Aluminium: one of the most energy intense metals

Aluminium: one of the most energy intense metals

Aluminium ‘needs $1.5trn just to decarbonise power’

01 November 2021

The global aluminium industry will need $1.5 trillion of investment to decarbonise just electricity supplies used to make aluminium so the sector can start meeting UN climate goals, a report said.

The figure quoted is only a portion of the funds needed so output of aluminium, one of the most energy intense metals, can cut emissions by 2050, the International Aluminium Institute (IAI) said in an online presentation, a Reuters report said.

Around 60 per cent of the aluminium sector’s emissions are from the production of electricity consumed in the smelting process, but investment is also needed to shift to green hydrogen, deploy carbon capture and boost recycling, it added.

“It’s a big number... It’s not something that the industry has the resources to achieve on its own,” said Pernelle Nunez, director of sustainability at the IAI.

Around the world, the aluminium industry is investing in projects, new technologies and building critical partnerships that are playing a key role in meeting environmental targets for 2050, IAI said.

These include contracts for renewable energy, particularly wind, solar and hydropower; the creation of virtual batteries within smelters; the smart use of fuel sources, such as hydrogen and recycled steam; the use of lighter vehicles for transporting goods; and ideas for taking the recycling agenda further, it said.

These novel solutions support IAI’s three pathways to emissions reduction for the aluminium industry:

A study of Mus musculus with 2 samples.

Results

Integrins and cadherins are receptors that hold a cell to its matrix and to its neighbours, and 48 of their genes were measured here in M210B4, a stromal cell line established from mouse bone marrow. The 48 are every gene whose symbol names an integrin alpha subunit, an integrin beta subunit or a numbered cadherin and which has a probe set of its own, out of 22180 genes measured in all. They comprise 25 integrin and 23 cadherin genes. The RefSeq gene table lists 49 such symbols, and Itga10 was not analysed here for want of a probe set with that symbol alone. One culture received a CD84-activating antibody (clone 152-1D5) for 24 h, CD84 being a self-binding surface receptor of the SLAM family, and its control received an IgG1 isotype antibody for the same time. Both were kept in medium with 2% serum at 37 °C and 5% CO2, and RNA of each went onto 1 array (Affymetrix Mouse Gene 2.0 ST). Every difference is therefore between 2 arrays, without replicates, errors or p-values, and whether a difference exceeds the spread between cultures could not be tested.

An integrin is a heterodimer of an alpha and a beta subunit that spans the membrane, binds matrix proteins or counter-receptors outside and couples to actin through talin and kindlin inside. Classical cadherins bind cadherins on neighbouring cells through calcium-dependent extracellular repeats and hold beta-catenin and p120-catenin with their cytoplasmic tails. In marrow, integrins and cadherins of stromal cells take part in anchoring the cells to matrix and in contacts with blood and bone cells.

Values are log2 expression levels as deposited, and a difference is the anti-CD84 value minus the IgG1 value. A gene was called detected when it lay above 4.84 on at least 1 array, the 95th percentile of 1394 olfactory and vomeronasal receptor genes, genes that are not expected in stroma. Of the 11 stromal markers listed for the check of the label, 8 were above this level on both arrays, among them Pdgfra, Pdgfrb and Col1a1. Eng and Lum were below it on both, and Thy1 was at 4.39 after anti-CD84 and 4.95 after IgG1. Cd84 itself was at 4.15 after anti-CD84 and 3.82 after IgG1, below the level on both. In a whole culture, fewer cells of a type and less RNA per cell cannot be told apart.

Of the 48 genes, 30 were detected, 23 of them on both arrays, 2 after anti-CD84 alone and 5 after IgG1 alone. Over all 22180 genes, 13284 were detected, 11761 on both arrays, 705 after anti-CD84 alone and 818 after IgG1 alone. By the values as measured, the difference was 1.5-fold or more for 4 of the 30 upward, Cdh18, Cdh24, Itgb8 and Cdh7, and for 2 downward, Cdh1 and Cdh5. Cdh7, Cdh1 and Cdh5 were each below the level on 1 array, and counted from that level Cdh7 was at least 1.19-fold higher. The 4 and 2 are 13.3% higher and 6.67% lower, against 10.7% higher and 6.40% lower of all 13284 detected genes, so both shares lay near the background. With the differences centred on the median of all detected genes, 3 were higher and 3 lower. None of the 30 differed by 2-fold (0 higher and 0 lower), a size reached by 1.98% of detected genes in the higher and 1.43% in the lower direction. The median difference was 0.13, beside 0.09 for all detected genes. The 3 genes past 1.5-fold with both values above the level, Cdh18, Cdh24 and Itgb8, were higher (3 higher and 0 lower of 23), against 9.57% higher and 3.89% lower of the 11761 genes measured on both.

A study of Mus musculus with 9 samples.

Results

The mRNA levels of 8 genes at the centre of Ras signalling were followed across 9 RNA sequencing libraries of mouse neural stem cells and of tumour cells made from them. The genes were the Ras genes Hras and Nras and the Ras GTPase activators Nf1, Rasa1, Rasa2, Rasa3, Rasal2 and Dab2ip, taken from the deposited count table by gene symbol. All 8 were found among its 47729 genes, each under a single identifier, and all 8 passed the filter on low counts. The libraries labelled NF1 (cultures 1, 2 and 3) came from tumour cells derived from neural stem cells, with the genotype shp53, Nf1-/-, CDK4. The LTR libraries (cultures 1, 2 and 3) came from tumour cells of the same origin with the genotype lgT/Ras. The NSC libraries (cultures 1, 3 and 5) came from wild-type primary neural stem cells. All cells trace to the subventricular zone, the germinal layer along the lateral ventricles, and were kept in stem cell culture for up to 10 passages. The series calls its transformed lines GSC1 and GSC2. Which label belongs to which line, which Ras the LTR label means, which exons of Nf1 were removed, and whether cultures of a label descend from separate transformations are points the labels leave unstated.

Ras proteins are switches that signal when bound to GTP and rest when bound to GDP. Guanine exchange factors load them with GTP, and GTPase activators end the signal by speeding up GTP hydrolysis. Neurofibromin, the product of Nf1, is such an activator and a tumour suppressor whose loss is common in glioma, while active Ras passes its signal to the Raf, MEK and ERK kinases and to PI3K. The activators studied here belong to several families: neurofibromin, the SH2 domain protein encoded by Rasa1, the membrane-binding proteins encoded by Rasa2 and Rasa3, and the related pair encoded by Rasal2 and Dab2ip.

Electricity decarbonisation – with more than 60 per cent of the aluminium sectors CO2e emissions from the production of electricity consumed during smelting, decarbonised power generation and carbon capture and storage (CCUS) will significantly support emission-reduction goals.

Direct emissions reduction – electrification, fuel switching and CCUS offer a credible approach to reduce emissions from fuel combustion, while new technologies, such as inert anodes, can lower process emissions.

Recycling and resource efficiency – increased collection rates and other resource efficiency actions would reduce the need for primary aluminium by 20 per cent.

Nunez said: “There is no single solution and it is reassuring to see that technology is advancing across the three pathways, and that governments, aluminium producers and the wider industry are forging powerful relationships that will truly make a difference. I’m confident that the fantastic work already under way will inspire our industry to think about actions they can take now and in the future to combat climate change.”

The aluminium sector would have to slash greenhouse gas emissions by 95 per cent by 2050 to 53 million tonnes from 1.1 billion tonnes to help limit a rise in global temperatures to 1.5 degrees Celsius above pre-industrial levels, Nunez said.